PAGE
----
Vote Yes For A County Charter
This fall, people in Ulster County will have the opportunity
to change our system of government. It’s something that
has needed to happen for a very long time, and we’re pleased
the impending change enjoys the broad bipartisan legislative
support it clearly deserves. The process has been moving in
this direction for almost two years, and on November 7th, we’ll
be voting to approve it. For people of every party and persuasion,
voting any way but YES makes no sense at all.
The changes ahead are straightforward and smart. Instead of
a legislature run by a chairman chosen from amongst its part-time
ranks, people will actually vote to elect someone as a County
Executive to actually run the county like a business. Instead
of an elected treasurer and an appointed administrator, we’ll
have an appointed Commissioner of Finance and an elected County
Comptroller to audit and oversee county business. We’ll
also be appointing a Reapportionment Commission to downsize
the legislature from 33 to 23 members each of whom, by themselves,
will represent a single geographically unified district. There
are a few smaller changes as well, all of them fine.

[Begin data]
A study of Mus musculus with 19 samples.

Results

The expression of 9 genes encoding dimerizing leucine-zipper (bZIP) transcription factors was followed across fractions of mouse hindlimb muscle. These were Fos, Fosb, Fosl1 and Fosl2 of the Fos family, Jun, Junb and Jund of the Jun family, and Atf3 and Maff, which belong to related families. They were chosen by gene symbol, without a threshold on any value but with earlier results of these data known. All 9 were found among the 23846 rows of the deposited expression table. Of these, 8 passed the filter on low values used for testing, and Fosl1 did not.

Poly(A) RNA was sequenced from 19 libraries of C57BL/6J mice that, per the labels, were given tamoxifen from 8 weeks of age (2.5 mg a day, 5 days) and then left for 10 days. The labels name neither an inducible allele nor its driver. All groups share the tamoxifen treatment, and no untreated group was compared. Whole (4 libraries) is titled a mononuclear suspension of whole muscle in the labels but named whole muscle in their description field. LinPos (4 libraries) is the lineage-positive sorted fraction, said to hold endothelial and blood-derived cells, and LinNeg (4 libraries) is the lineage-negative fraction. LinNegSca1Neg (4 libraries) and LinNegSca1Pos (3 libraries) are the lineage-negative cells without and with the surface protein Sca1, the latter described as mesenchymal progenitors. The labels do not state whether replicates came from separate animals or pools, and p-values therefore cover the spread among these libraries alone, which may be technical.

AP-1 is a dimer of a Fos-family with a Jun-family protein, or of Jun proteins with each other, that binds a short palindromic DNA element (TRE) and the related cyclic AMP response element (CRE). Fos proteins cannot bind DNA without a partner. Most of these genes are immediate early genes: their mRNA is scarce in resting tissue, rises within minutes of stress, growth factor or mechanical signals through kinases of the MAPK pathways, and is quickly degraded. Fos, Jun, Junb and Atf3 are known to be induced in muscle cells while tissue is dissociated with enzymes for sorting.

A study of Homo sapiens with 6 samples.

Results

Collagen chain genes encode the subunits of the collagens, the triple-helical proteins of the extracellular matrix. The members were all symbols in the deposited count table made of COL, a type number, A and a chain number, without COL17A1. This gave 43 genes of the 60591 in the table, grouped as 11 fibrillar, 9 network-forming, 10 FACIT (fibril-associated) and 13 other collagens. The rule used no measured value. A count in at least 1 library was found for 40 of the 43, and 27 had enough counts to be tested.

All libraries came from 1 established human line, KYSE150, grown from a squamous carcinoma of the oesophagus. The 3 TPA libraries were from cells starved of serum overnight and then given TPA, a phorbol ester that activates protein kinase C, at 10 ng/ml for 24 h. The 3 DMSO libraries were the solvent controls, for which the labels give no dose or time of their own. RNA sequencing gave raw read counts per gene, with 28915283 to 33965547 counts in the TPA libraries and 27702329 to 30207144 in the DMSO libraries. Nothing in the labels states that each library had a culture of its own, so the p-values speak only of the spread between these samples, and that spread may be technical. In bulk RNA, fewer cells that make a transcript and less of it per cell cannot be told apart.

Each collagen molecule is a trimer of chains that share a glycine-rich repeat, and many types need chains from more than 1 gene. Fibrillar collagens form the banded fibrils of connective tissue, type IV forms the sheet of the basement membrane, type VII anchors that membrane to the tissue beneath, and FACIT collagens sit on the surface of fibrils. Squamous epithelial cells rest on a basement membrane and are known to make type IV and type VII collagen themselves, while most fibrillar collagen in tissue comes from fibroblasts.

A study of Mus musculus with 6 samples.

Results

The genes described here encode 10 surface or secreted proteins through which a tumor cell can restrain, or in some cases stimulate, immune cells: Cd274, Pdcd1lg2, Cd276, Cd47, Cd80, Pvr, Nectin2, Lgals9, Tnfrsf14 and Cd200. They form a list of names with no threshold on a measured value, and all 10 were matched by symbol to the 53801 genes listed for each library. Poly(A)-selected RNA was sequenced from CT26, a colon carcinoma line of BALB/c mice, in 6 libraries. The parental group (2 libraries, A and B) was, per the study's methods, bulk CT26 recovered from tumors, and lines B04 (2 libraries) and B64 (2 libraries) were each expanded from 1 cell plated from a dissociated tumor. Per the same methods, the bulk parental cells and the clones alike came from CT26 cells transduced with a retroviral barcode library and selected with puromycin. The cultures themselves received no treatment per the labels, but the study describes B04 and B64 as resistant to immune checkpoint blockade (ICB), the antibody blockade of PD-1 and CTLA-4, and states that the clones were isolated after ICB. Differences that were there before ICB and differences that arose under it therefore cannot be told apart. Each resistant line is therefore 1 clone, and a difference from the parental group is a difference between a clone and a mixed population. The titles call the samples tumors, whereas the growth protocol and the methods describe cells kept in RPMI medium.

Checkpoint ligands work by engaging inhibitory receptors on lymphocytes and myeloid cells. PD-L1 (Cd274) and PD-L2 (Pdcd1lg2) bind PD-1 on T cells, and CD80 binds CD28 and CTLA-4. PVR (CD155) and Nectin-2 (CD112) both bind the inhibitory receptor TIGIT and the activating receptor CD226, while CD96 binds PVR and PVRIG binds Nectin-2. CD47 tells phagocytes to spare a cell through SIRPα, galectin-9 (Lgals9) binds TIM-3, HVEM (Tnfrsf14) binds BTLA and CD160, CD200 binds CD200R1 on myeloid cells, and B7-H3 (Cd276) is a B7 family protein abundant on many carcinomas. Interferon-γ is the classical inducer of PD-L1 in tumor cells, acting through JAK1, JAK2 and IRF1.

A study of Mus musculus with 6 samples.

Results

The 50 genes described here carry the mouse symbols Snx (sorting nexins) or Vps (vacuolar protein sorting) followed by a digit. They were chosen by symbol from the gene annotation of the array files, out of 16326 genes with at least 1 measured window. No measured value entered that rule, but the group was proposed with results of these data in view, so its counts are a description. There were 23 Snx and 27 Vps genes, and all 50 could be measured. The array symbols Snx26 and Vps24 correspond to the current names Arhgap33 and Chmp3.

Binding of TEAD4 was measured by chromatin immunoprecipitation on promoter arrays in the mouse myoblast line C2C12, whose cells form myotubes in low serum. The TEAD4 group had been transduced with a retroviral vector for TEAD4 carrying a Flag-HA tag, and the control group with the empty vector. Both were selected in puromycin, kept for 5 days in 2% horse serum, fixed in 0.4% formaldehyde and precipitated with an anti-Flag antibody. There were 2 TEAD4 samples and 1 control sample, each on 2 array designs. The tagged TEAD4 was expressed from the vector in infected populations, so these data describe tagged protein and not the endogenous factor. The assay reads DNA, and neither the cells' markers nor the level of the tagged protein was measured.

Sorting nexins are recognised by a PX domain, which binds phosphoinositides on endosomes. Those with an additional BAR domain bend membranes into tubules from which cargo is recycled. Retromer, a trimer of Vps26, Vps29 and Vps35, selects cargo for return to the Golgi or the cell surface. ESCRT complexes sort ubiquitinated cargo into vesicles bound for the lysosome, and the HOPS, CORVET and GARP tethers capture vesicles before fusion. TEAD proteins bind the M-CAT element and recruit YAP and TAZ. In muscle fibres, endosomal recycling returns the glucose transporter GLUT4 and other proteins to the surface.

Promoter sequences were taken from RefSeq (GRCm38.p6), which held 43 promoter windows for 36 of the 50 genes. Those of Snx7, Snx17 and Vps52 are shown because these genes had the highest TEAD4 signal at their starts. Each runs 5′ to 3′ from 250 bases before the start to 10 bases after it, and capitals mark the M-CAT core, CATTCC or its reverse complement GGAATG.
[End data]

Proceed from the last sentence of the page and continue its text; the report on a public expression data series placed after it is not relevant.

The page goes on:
Each change, and all of them together, is intended to do one
thing: improve government’s accountability to us, the
people it serves. We commend both major parties and everyone
involved in the process for moving this forward. What it means
is better, more responsive, and genuinely accountable government
What it also means is that the chances will be vastly diminished
that we’ll ever again find ourselves enmeshed in a financial
fiasco like our current county jail project. That project, it
now appears, will end up costing each and every household in
the county an average of well over $2,000 real tax dollars.
That kind of personal tax burden on each of us — unfair,
unreasonable, and in our view largely unnecessary — is
a direct result of our old and old-boy system of limited accountability
to the taxpayers, along with the kind of poor fiscal management
that until very recently allowed us to spend upwards of $15
million every year more than we took in.
When our new county charter is adopted, we’ll be amongst
the last counties in the state to make the shifts it entails.
The system we’re leaving behind seems a holdover from
the days when both representing the public interest and running
the county’s day-to-day affairs could be handled well
enough as part-time jobs.
But those haven’t been part-time jobs for a very long
Vote yes on the Charter come November… we deserve it.